Votive sonnet to Lenus Mars

The archæological evidence (notably at Pommern) indicates that some, at least, of the ancient worshippers of Lenus Mars considered his intervention efficacious in health matters. Many warrior deities in Gaul double as health deities, partly for the same reason that we all talk about ‘battling disease’ or ‘being a fighter’ against cancer or whatever, and partly because inflicting, avoiding, and recovering from injury are of course so central to the business of battle.

For the perhaps inadequate reason that I simply couldn’t stand glasses and contacts anymore, I decided to get LASIK surgery. It’s the first and only elective surgery I’ve ever had, and I naturally gave it very serious thought. The divinatory signals I got were very favourable, and I vowed devotional sonnets, if all went well, to Lenus Mars, Mercury, and Minerva. For the first I wrote a Petrarchan, for the second a Spenserian, and for the third a Shakespearean sonnet. It’s been a long time since I’ve written sonnets of any description, and I can’t claim that any of them are destined to undying fame, but I beg my readers’ indulgence for them all. Today (Tuesday, the day of Mars), I present my votive sonnet to Lenus Mars, the ‘bosky Mars’, healer and national protector of the Treveri.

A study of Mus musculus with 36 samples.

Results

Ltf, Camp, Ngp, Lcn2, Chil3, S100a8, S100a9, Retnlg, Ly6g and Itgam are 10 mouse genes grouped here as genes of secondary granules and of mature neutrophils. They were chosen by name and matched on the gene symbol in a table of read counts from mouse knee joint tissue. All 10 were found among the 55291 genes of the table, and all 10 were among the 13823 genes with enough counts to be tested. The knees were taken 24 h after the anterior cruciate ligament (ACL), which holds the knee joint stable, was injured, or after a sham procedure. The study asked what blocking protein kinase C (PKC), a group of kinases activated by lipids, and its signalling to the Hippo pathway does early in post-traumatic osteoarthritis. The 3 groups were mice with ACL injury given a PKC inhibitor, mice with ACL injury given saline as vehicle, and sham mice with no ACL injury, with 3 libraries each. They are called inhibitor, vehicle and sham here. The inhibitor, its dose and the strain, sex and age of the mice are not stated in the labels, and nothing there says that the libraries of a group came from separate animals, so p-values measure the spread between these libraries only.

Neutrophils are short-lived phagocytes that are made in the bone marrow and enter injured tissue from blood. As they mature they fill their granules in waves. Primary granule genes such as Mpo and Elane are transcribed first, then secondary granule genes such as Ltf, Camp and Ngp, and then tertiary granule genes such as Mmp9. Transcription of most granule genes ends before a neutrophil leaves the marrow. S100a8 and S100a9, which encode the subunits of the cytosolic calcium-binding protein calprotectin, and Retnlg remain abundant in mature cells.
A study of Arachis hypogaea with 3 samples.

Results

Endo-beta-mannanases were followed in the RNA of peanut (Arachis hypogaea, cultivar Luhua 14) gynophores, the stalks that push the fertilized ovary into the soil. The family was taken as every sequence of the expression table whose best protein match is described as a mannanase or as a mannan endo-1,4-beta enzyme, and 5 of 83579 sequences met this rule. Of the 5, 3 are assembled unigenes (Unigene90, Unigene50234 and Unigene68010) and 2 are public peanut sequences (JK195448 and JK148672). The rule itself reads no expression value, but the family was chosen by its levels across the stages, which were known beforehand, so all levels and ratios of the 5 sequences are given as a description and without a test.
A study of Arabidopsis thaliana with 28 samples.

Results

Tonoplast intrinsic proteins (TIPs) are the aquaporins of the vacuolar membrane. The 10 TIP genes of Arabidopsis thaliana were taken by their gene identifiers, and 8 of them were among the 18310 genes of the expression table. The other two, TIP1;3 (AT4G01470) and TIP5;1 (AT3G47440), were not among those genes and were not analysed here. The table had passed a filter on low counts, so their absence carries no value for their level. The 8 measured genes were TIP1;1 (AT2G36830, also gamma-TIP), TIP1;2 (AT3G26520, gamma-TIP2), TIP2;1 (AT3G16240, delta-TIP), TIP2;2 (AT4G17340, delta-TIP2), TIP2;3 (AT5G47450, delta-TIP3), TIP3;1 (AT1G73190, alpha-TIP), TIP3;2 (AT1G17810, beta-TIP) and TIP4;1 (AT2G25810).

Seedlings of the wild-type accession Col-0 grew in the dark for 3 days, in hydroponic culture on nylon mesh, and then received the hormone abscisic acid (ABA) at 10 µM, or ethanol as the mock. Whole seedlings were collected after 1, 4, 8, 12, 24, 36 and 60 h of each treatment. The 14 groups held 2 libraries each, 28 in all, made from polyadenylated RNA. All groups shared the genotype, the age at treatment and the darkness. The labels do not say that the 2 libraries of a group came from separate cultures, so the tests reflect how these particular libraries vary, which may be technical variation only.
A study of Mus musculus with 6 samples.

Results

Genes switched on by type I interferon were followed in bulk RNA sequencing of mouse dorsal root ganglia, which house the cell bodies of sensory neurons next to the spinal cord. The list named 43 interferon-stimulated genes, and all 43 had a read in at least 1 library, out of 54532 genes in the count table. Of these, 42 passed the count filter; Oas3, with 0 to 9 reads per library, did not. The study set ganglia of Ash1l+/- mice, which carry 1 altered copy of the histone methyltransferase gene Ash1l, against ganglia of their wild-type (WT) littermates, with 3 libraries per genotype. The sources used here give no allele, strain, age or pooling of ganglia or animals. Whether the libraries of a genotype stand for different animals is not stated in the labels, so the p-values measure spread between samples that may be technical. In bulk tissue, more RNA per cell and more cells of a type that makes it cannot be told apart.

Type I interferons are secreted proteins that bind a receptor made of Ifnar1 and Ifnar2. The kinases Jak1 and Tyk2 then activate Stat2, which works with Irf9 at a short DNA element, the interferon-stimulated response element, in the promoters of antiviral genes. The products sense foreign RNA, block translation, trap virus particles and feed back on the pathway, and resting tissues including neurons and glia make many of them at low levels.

As smiths the keenest weapons shape and hone
who know their plan and see their work most clear;
as archers aim their bolts so that they will not veer
and failing vision costs the chief his throne—
so sight the martial god presides o’er as his own.
In bygone days thy votaries with rheumy tear
as their sight with passing age began to blear,
O Lenus Mars, would look to thee alone.
So now I humbly pray thee, put to flight
the phantom foes that blur, obscure, and flash
and blind me save to colour, dark, and light.
Thy healing power use; thy endless might
exert, and my affliction from me dash.
An it please thee, restore me all my sight. 


About DeoMercurio

I’m a Gaulish polytheist, now back living in lands ceded by the Council of Three Fires after several years’ sojourn in Anatolia and in the land of the Senecas, with frequent travels to Gaul along the way. My grandfather’s family came from the area around Trier, and I identify closely with the Treveri in my religious practice.